Mingma David Sherpa: Six times on top of the world

Of late, Mingma David Sherpa has become a household name. The co-owner and Head of Operations and Logistics at Elite Himalayan Adventure, Sherpa has become quite a prominent personality across global media outlets. A core team member of the team that put Nirmal Purja on top of 14 peaks, Sherpa himself has a few feats to his name – the ‘youngest person to scale all 14 8,000-meter and above peaks’ to name one of a few.

We had an opportunity to catch up with the acclaimed mountaineer over coffee, and are glad to share his fascinating journey from a small village in Taplejung to the top of the world (literally, and for six times).

Born in 1989, Mingma David Sherpa spent his early years along the shadows of the majestic Mt Kanchanjunga. However, it wasn’t until 2007 that he embarked upon his first official trek – to Annapurna Base Camp wherein ‘his mountaineering/climbing spirit was stirred’, he shares. As the then political scenario was tumultuous, Sherpa says his schooling was affected due to prolonged strikes. Shortly, he stumbled upon an opportunity to head to the Annapurna Region as a porter. “It was during the same journey that my interest in mountaineering/climbing sprouted,” he says.

From 2007 to 2019 – his voyage from being a porter to a world record holder is nothing short of incredible. After serving as a porter for three years, he went on to become a trekking guide in 2008. While doing intermittent treks, he had joined a climbing expedition to Mt Manaslu as a ‘kitchen helper’ in 2009. However, he could reach only as high as 4,800 metres. So while returning, he made a vow to himself that he’d make it to the top one day.

He then reached out to his maternal uncle, who at that time had been atop Mt Everest three times, for advice. Upon his uncle’s recommendation, Shepra joined a training program on mountain climbing. His training was shorty followed by his first ascent atop of Mt Everest – now his first of many. He thanks his maternal uncle for the opportunity and explains that the latter is no more with us. Sherpa’s maternal uncle Dorje Khatri passed away in the catastrophic 2014 Everest avalanche.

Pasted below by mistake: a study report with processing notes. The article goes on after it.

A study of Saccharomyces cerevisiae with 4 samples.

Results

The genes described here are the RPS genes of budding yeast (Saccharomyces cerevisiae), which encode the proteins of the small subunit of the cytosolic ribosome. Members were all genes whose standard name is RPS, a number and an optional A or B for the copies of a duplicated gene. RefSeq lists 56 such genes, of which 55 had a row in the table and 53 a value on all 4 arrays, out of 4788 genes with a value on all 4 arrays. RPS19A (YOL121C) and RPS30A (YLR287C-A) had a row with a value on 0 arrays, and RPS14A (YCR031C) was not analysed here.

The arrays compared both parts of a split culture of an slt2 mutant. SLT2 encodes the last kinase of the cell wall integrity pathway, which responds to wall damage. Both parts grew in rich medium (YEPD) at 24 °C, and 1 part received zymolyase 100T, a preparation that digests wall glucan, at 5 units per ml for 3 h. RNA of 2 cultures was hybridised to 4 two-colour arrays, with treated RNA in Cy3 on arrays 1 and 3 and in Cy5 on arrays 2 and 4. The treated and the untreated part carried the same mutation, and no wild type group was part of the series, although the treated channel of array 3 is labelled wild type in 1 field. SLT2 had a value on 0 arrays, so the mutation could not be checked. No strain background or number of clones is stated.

Meanwhile, Sherpa continued his mountaineering career – pursuing advanced courses on mountaineering, working as an expedition leader, assisting rescue operations and saving several lives. Sherpa also shares his persistence to complete his SLC (now SEE) examinations. He says his attempt to complete his grade 10 studies was interrupted halfway after he had to head to China for an expedition. Nevertheless, he completed it the next year.

Today, Mingma David Sherpa is the youngest climber to have climbed all 14 8,000-meter and above peaks and he is the fastest person to scale the world’s top two highest mountains (Mt Everest and Mt K2 in 61 days). He has scaled Mt Everest a whopping six times, Mt K2 twice, and has been atop 8,000 meters as many as 23 times. When probed if that is a record too, he smiles and says it is not. “May be if I reach the top a few more times,” he adds with a laugh.

Speaking of his association with Nirmal Purja, also known as Nims Dai among his Nepali fans, Sherpa shares a memory of Purja and his maternal uncle – in 2012 when Purja was en route to Everest Base Camp, he had asked Sherpa’s uncle (who was also his guide) if he could climb Mt Everest. Although, Nims Dai could not climb Everest then, Sherpa’s uncle later made arrangements for him to climb Lobuche Peak (6119m).

In 2016, when Sherpa was at the Everest Base Camp, he received a call from Purja saying he was interested in climbing Mt Everest – the expedition was successful and hence the start of a long and outstanding partnership.

As both sustained their mountaineering passion, Sherpa speaks of an incident in 2016 when he had planned to summit both Mt Everest and Mt Lhotse in a single day. However, when he reached Camp IV for the same, he learned of an accident that demanded an immediate rescue operation. Abandoning his plans to set a record, Sherpa became a part of the rescue team and saved a mountaineer from 8,600 metres – one of the most difficult rescue operations on Mt Everest. Sherpa has been a part of more than 80 rescue operations throughout his mountaineering career.

In 2019, as a part of the Project Possible team, Sherpa climbed nine peaks alongside Purja – Mt Annapurna, Mt Dhaulagiri, Mt Nanga Parbat, Mt Gasherbrum I, Mt Gasherbrum II, Broad Peak, Mt Manaslu, Mt Kanchenjunga and Mt Shishapangma.

Giving continuity to his relentless passion for mountaineering, Sherpa is scheduled to head to Argentina for an expedition in January, 2020 and will back in Nepal for the 2020 climbing season.

When asked what his vision is, Mingma David Sherpa says he wishes to make the rescue system in Nepal more systematic. He also believes that patrons approaching his expedition company are reaching out to him with a dream and he wishes to fulfill their dream with sincerity.

Lastly, we asked him how it feels like to be atop Mt Everest and he replied with a humble answer, “When I am atop Mt Everest, or any other peak for that matter, I can see the route I have taken, I see other surrounding peaks, many of which I have been on, and it gives me as well as my surrounding a certain sense of existence, one which fills my heart with warmth.”